31. And on account of the momentariness (of the âlayavigñâna, it cannot be the abode of mental impressions).
If you maintain that the so-called internal cognition (âlayavigñâna 1) assumed by you may constitute the abode
of the mental impressions, we deny that, because that cognition also being admittedly momentary, and hence non-permanent, cannot be the abode of impressions any more than the quasi-external cognitions (pravritti-vigñâna). For unless there exists one continuous principle equally connected with the past, the present, and the future 1, or an absolutely unchangeable (Self) which cognises everything, we are unable to account for remembrance, recognition, and so on, which are subject to mental impressions dependent on place, time, and cause. If, on the other hand, you declare your âlayavigñâna to be something permanent, you thereby abandon your tenet of the âlayavigñâna as well as everything else being momentary.--Or (to explain the Sûtra in a different way) as the tenet of general momentariness is characteristic of the systems of the idealistic as well as the realistic Bauddhas, we may bring forward against the doctrines of the former all those arguments dependent on the principle of general momentariness which we have above urged against the latter.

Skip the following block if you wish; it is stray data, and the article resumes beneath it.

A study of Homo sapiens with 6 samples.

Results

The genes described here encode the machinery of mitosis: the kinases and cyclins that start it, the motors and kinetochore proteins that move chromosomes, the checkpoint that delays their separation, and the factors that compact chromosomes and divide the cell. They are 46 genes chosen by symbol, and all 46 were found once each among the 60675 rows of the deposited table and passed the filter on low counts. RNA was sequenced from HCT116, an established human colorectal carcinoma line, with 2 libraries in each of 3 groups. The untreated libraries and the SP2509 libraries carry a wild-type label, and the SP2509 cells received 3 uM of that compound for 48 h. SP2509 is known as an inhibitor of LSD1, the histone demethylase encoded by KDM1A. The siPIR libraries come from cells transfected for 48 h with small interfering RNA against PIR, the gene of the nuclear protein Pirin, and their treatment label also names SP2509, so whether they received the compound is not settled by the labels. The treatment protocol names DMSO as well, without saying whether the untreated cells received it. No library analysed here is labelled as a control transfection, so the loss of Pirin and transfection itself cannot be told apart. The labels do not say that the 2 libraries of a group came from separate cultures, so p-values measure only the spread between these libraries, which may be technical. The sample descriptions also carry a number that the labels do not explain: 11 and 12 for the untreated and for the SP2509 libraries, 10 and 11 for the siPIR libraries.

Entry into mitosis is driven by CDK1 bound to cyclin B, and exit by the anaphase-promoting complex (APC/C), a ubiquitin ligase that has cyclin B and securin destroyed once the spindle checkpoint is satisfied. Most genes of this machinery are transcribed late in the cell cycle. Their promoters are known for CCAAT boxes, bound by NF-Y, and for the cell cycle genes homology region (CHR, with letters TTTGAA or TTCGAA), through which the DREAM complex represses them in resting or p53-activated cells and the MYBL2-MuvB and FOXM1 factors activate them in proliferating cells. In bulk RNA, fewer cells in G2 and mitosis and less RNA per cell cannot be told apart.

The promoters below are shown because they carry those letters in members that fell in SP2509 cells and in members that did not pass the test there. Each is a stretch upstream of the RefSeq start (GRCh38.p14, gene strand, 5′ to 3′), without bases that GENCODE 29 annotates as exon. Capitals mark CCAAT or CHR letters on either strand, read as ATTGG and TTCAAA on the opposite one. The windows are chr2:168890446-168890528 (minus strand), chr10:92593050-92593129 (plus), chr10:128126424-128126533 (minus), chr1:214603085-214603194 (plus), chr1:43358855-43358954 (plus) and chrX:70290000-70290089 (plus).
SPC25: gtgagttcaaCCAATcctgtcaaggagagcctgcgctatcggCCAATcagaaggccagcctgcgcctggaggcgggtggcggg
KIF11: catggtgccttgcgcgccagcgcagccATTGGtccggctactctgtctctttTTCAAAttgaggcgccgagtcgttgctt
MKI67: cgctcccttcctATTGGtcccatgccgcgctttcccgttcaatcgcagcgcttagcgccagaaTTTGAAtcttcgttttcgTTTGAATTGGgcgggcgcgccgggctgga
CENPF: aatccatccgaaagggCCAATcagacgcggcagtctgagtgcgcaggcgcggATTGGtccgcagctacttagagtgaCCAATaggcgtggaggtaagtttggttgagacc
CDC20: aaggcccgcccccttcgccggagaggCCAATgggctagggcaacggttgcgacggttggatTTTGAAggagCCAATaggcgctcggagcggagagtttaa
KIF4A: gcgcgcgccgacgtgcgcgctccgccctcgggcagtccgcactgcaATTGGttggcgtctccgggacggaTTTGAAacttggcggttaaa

We have thus refuted both nihilistic doctrines, viz. the doctrine which maintains the (momentary) reality of the external world, and the doctrine which asserts that ideas only exist. The third variety of Bauddha doctrine, viz. that everything is empty (i. e. that absolutely nothing exists), is contradicted by all means of right knowledge, and therefore requires no special refutation. For this apparent world, whose existence is guaranteed by all the means of knowledge, cannot be denied, unless some one should find out some new truth (based on which he could impugn its existence)--for a general principle is proved by the absence of contrary instances.